Jane Austen has an aesthetic of style that sets her characterization off from many writers. She stands in contrast to Dickens, for example, because whereas he gives very detailed physical descriptions of characters and their environs, Austen gives minimal physical descriptions of characters and their environs. For example, in Pride and Prejudice it is well into the opening pages of the novel before we read a physical description of Jane and Elizabeth at all. The art of characterization employed by Austen is most established in dialogue; narrator comment; emotional denotations; personality quirks and habits; feelings, desires and attitudes.
Some of the tools Austen employs for characterization through dialogue are vocabulary, tempo and silence. For example, Mr. Bennet and Mrs. Bennet are characterized through her vocabulary. Mrs. Bennet's is most often excessive and excited and often gossipy: "Oh! single, my dear, to be sure!" "Why, my dear, you must know, Mrs. Long says that Netherfield is taken by a young man." Mr. Bennet's is most often patronizing: "You want to tell me, and I have no objection to hearing it." As to tempo, Lydia, Kitty and Mrs. Bennet, Mr. Collins and Lady De Brough go along at a fast clip in their dialog while Jane, Elizabeth, Darcy, Charlotte and Aunt Gardiner converse in a more reasoned, measured tempo.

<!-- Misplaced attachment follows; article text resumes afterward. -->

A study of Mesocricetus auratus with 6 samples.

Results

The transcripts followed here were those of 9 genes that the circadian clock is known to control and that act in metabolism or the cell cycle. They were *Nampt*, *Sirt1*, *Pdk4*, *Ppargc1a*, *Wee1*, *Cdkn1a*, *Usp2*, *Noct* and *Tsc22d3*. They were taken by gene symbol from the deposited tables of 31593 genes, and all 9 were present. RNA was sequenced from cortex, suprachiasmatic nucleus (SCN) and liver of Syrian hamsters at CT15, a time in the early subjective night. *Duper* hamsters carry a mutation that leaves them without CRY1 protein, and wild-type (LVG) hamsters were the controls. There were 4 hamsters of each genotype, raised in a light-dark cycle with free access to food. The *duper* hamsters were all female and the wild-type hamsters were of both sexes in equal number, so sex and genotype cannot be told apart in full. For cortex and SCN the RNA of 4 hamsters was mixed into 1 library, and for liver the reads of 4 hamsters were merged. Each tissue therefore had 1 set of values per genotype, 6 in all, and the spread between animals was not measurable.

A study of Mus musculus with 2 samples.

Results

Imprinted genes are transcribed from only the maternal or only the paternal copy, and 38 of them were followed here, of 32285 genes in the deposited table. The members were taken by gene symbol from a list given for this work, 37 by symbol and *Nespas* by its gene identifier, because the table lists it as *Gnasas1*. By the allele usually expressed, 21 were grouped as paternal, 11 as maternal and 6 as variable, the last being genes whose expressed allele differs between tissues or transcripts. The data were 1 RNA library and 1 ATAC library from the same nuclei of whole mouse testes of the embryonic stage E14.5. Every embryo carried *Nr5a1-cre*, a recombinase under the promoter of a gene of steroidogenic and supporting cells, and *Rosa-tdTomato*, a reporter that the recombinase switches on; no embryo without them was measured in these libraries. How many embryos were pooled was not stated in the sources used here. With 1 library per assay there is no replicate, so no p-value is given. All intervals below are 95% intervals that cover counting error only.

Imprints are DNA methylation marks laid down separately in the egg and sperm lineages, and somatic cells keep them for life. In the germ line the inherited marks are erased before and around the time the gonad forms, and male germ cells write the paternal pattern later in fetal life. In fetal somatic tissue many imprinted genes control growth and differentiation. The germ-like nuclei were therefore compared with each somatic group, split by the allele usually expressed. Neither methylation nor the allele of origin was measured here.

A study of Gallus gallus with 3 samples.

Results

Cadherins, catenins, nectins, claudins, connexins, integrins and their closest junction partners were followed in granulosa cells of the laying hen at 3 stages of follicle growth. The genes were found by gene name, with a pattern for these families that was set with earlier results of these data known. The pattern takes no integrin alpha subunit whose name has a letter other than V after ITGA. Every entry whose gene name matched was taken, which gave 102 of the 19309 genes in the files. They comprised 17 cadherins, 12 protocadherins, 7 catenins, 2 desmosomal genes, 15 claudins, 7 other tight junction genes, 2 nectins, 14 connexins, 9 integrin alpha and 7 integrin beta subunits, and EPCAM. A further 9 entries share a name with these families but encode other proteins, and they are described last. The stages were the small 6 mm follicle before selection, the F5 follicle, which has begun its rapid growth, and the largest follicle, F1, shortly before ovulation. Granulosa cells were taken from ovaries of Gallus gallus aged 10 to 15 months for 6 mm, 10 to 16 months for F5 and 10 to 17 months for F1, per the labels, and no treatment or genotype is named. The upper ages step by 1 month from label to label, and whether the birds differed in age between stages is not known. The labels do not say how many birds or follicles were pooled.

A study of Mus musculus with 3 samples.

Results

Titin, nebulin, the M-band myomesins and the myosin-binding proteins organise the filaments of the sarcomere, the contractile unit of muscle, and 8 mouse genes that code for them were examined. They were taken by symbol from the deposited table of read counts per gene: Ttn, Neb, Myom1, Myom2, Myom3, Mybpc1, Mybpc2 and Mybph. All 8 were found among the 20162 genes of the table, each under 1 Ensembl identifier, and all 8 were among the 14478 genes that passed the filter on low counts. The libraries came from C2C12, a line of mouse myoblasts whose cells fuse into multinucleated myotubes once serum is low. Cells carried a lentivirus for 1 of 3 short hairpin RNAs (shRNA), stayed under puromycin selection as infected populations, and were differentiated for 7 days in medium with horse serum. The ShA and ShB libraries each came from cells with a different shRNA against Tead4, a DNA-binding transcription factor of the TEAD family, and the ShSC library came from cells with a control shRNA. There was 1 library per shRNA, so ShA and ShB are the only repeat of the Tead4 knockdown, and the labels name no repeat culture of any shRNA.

Other important tools Austen uses are silence and narrated dialog. Mr. Bennet and Mr. Darcy often reply with silence: "Mr. Bennet made no answer." In narrated dialogue, Austen will frequently speak as the narrator to tell what the character said which permits Austen to shade how we understand the character's remarks: "Mr. Bennet replied that he had not." This is accompanied by outright narratorial comment on the proceedings or on the characters and on the conversations or emotional state or thoughts of the characters: "Mr. Bennet was so odd a mixture of quick parts, sarcastic humour, reserve, and caprice,..." Along with these narratorial interactions with the reader are emotional denotations added by the narrator: "cried his wife impatiently."
Another category of tools Austen uses in her art of characterization are personality quirks, like Mary's incessant quoting of author's she only imperfectly understand; habit, like Kitty's nervous coughing; and feelings, desires and attitudes of the character. With these tools for her art of characterization, Austen has painted some of the most life-like, lovable and memorable characters in the history of English literature.